Sunshine State

John Sayles’ Florida is a magical place where developers swap mangrove forests for ‘nature on a leash’. Two women, played by Edie Falco and Angela Bassett, return to their roots in a northern coastal Florida threatened by resort developers. The monologues which drive this classy ensemble piece are memorable, but the one-liners are souvenirs. Edie Falco’s character Maryl is a tough cookie whose daddy ‘wouldn’t sell if he had his nuts in a trash compacter’. His reticence frustrates real estate’s ‘frontal assault’ on her beachhead long enough for Maryl to have a dalliance with the idealistic architect of destruction played by Timothy Hutton.

Meanwhile, black residents raise a little token hell to delay being bulldozed from their beachfront.

Maryl’s faux-mermaid philosophy is ‘keep that smile on your face, even when you’re drowning’ – but using wood from a burnt-down juke joint to build a coffin wins best metaphor in an inspired script written in blood and sea salt.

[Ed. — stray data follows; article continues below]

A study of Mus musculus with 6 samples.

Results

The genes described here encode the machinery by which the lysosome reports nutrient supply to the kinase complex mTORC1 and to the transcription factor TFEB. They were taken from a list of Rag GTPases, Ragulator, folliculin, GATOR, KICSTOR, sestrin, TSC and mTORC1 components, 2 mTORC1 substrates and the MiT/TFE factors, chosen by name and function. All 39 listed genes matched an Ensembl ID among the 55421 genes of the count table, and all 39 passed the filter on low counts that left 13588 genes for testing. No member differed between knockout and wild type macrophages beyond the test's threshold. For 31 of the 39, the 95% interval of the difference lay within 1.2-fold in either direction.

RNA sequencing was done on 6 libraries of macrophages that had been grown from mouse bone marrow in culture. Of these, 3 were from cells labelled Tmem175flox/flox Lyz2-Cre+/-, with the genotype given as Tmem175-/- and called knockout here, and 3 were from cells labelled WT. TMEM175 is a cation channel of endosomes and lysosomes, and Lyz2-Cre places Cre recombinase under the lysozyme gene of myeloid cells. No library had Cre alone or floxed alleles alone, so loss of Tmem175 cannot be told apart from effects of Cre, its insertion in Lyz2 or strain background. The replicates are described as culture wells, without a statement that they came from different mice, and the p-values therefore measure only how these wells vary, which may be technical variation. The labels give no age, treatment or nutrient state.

While I was in Florida for the Bush coup about a million seagulls set down in unison over the oyster flats of Apalachicola. The scene recalled an Everglades guide who dismissed Yankees gawking at a solitary flamingo by recalling a time when there were so many (flamingoes, not Yankees) that they would blot out the sun. Sayles shows how humans have commoditized the planet in their Banana Republic – and only those who fight it derive meaning from their shallow lives.

mag cover This article is from the August 2002 issue of New Internationalist.